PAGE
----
Maison Leroy has been crafting magical wines since the mid-19th century and is without any question one of the top three producers in Burgundy. The Maison is the original side of the Leroy business with which this royal family of Burgundy built their stellar reputation; the Domaine followed later.
Leroy’s motto is “Guardian of great wines”, but this simple-sounding phrase belies the lifelong vocation, dedication and exertion that Lalou Bize-Leroy has given to the creation and perpetuation of these truly magical wines of unquestionable reputation. In the words of Robert Parker Jr. in 1997: “Because she is a perfectionist, and because she has had the courage to produce wines from low yields and bottle them naturally, without fining or filtration, she has been scorned by many Burgundy negociants… Not only are they jealous, they are frightened of Bize-Leroy”. And since the Leroy holdings comprise 9 Grands Crus and 8 Premiers Crus, including land in Musigny, Richebourg, Clos Vougeot and Chambertin, amongst a throng of other superb Chardonnay vineyards, their wines’ world-renown is no surprise.
Lalou Bize-Leroy joined the family business, in 1955, the fourth generation of a family who, with savvy and tenacity, had built up a successful wine business incorporating the Maison Leroy and the Domaine Romanée-Conti. She became President-Directeur General en 1971. With great devotion and a lot of work, through constant tasting, she undertook to understand the essential characteristics of each “terroir” from each vineyard of Burgundy. For Maison Leroy, still today, she searches unceasingly to purchase the best wines, and for her the best is always yet to come. Furthermore, each week, she would accompany her father to Domaine Romanée-Conti of which she became, along with Aubert de Villain, Co-Gerante from 1974 to 15 January 1992. Maison Leroy distributed Domaine Romanée-Conti’s wines world-wide (except the United States and Great Britain) until 15 Janaury 1992.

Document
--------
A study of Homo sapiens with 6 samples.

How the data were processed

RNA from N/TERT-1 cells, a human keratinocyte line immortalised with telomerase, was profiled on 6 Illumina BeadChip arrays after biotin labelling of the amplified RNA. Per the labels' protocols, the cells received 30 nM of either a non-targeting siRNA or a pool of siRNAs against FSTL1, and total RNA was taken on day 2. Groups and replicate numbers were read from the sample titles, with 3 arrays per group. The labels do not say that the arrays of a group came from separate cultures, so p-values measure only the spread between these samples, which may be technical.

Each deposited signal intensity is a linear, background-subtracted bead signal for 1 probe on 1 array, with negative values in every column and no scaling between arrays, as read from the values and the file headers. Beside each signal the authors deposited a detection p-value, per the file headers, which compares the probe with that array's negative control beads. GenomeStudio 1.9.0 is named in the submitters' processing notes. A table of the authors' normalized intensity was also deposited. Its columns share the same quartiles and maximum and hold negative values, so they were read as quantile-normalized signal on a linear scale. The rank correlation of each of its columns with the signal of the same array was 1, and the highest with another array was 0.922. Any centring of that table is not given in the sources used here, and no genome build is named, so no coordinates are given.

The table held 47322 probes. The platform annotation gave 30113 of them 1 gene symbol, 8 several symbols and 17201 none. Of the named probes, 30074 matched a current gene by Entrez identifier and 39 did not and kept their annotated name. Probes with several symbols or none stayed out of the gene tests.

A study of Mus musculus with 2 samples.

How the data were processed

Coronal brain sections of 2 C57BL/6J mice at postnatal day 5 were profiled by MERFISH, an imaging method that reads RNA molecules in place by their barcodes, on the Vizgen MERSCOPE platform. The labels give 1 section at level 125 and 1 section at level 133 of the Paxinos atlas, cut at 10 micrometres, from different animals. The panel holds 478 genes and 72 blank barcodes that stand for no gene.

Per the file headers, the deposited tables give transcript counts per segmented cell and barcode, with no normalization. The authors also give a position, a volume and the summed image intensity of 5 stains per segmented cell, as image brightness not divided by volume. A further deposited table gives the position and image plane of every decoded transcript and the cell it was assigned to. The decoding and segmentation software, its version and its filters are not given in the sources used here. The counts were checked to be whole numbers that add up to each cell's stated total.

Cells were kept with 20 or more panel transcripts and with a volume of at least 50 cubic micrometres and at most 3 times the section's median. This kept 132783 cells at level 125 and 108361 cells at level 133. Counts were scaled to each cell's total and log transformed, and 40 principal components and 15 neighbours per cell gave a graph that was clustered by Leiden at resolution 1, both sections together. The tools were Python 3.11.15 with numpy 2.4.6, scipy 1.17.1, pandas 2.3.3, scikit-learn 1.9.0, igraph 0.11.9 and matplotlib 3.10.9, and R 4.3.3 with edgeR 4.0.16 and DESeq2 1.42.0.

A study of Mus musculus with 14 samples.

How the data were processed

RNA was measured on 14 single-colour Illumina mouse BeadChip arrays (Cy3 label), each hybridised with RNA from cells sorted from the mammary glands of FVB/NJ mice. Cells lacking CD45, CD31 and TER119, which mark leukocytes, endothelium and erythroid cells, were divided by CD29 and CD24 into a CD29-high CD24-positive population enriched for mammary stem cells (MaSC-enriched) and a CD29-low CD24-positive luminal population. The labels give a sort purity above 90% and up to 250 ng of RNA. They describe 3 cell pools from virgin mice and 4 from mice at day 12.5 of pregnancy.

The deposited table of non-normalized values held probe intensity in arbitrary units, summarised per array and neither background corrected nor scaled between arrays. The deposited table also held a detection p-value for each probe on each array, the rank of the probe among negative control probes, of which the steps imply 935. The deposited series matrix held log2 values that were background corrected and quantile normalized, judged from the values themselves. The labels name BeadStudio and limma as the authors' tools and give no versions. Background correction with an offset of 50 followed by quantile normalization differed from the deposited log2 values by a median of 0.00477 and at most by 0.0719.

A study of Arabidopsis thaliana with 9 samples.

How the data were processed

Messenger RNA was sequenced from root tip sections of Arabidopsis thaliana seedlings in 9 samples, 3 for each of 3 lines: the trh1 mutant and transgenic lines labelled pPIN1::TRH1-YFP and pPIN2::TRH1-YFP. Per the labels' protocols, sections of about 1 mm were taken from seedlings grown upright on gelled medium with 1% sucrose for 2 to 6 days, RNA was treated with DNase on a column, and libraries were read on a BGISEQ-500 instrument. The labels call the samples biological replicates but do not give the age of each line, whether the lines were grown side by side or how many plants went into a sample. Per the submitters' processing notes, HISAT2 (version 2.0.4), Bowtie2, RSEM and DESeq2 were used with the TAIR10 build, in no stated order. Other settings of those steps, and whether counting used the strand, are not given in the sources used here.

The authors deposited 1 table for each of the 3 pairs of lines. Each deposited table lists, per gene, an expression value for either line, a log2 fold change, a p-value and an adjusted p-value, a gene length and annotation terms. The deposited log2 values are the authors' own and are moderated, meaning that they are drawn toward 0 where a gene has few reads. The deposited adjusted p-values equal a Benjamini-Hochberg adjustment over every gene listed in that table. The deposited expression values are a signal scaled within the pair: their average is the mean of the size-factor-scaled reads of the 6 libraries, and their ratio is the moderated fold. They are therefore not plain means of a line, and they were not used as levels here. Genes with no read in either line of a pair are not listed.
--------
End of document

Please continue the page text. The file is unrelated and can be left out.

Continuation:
Takashimaya, owner of luxury department stores in Japan, distributor of wines of Maison Leroy since 1972 in Japan acquired shares in Maison Leroy in 1988 thus facilitating the acquisition of vineyards of Domaine Leroy. Starting in 1966, Madame Leroy organized at her home, the Domaine d’Auvenay, prestigious wine tastings with the most well-known wine writers, critics, sommeliers and restaurant owners. At this time, in the late 1960s, this tradition was unusual and completely unique. Since through the years it became more and more difficult to find growers with wines that met the strict standards worthy of the Maison Leroy label, Bize-Leroy made the decision to expand Maison Leroy’s own vineyards. In 1988 she founded Domaine Leroy by purchasing, for Leroy, the estates of Charles Noellat at Vosne-Romanée and of Philippe-Rémy at Gevrey-Chambertin. In total Domaine Leroy now has 21 hectares, 99 ares, 66 centiares. She immediately began biodynamic cultivation on all the vineyards. From her profound belief that everything is alive: the soil, the grounds, plants, “…as alive as animals and humans…”, she immediately stopped using any products with synthetic chemicals on the vines. From September 1988, all the vines are completely and entirely cultivated under biodynamic principles. Biodynamic farming—which is not simply a farming method or a trendy commercial practice, but a holistic system, from beginning to end–does not allow any chemical fertilizers, herbicides, insecticides, or pesticides (according to Lalou Bize-Leroy, “all these things kill the life in both the plants and the soil”). Biodynamic farming views nature as a holistic interconnected system; it introduces and incorporates the knowledge of astrological and cosmic influences and its effects on the vines in order to care for them, repair the soil, work the soil, for the care given to the vines all year long, and for the care and methods to create the wines and ultimately until it is put in the bottle at Vosne-Romanée.
Jasper Morris MW: “Lalou Bize-Leroy has 23 hectares of vines, mostly Premier and Grand Cru classified. In the vineyard Lalou practises biodynamism as well as severe pruning and crop-thinning. The result is ridiculously low yields. Domaine Leroy is blessed with a heritage of ancient vines, in part because Lalou Bize-Leroy never grubs up and replants. Instead she replaces individual missing vines, from her own cuttings, but never too many at once in a given vineyard. These old vines combined with her training and pruning policy, restricting the bunches to just four per vine, explain in part the concentration of Leroy wines. The average yield across appellations and vintages at Domaine Leroy is around 16 hl/ha, according to Lalou. In the cellar there is no winemaker (vinificateur) nor oenologist, André Porcheret not having been replaced when he left after the 1993 harvest. The grapes are of such quality that they do not need a winemaker! After rigorous deselection on the sorting tables, which employ as many people as there are pickers, the grapes are placed, stemmed and all, in wooden fermenting vats. After fermentation the wines are matured in new barrels from Cadus and François Frères.